Hospices across the UK are having to re-examine the way their services are run as pressure on funding is becoming increasingly problematic in a nation that has fiscal uncertainty. In Wales statutory funding for hospices is arrived at by a formula and St Kentigern Hospice receives 18% of its funding from the Welsh Office.
The hospice hit financial crisis in 2010 and took drastic measures with swingeing cuts to services, including the decision to make the medical director and sole doctor redundant. A decision was made that St Kentigern Hospice would become a nurse- led unit in the faint hope that this would save the hospice. This was entirely a reactive decision and could only be made because the hospice had a prescribing Advanced Clinical Practitioner, who had been practising for 18 months in that role.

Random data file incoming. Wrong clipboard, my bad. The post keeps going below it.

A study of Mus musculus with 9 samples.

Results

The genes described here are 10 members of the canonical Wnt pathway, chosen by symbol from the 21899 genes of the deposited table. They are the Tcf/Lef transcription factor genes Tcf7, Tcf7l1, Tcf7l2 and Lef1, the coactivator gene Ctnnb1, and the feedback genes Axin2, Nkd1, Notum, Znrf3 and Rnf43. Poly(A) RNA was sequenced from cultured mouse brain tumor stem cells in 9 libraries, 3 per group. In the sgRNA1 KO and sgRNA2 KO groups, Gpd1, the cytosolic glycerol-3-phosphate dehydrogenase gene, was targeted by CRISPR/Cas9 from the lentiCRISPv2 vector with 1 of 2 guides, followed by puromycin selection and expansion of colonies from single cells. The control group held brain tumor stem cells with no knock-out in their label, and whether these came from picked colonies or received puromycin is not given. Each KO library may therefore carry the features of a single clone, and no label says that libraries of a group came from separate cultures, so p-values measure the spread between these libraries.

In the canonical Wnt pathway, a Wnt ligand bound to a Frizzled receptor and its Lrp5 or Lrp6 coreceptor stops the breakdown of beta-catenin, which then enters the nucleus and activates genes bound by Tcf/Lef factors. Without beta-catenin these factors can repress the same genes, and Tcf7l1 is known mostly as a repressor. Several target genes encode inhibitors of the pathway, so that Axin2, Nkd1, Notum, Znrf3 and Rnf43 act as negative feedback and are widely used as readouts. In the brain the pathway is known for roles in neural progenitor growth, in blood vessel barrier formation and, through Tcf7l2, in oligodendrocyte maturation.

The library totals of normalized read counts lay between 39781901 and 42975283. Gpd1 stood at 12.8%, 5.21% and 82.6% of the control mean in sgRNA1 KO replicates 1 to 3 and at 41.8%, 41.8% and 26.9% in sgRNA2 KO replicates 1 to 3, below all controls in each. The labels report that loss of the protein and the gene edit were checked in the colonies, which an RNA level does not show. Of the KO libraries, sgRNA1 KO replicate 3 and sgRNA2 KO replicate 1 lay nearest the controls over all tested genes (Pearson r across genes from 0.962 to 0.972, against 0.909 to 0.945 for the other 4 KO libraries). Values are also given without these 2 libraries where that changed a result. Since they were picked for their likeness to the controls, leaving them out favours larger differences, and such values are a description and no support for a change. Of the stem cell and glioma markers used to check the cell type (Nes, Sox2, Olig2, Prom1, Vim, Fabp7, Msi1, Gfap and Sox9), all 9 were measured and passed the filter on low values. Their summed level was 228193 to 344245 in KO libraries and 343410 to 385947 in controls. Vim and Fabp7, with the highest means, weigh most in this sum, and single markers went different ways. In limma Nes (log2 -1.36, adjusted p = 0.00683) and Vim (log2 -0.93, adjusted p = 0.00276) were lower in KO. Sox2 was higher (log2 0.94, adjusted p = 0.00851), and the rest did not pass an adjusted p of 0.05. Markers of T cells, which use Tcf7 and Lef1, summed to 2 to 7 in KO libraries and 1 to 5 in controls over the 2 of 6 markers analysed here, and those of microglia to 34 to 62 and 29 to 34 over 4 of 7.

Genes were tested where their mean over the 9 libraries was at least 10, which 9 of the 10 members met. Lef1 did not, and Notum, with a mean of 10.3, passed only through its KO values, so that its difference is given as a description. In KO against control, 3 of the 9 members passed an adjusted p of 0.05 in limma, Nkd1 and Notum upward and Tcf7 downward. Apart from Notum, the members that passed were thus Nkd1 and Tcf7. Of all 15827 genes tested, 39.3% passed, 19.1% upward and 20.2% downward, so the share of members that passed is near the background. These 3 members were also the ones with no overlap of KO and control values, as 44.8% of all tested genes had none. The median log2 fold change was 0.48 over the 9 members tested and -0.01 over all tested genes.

One year later in 2011, the hospice was fully operational in both its inpatient and day therapies services and £1,000,000 credit in the bank. This is the story of innovation in practice where the advanced nurse practitioner role in palliative care has been extended to an autonomous level not practised anywhere else in the UK. From adversity this eight- bedded IPU and day therapies hospice now has a service that is economically robust and has been approved and recognised by the Welsh peer review process. Such is the success of the model that the hospice is undergoing a major new build, and expansion of services, funded entirely from its own resources, responding further to our communities’ palliative care needs.
The model and its sustainability along with challenges will be discussed. Change in practice, innovation and leadership for nursing within a hospice setting will be explored.
Statistics from Altmetric.com
If you wish to reuse any or all of this article please use the link below which will take you to the Copyright Clearance Center’s RightsLink service. You will be able to get a quick price and instant permission to reuse the content in many different ways.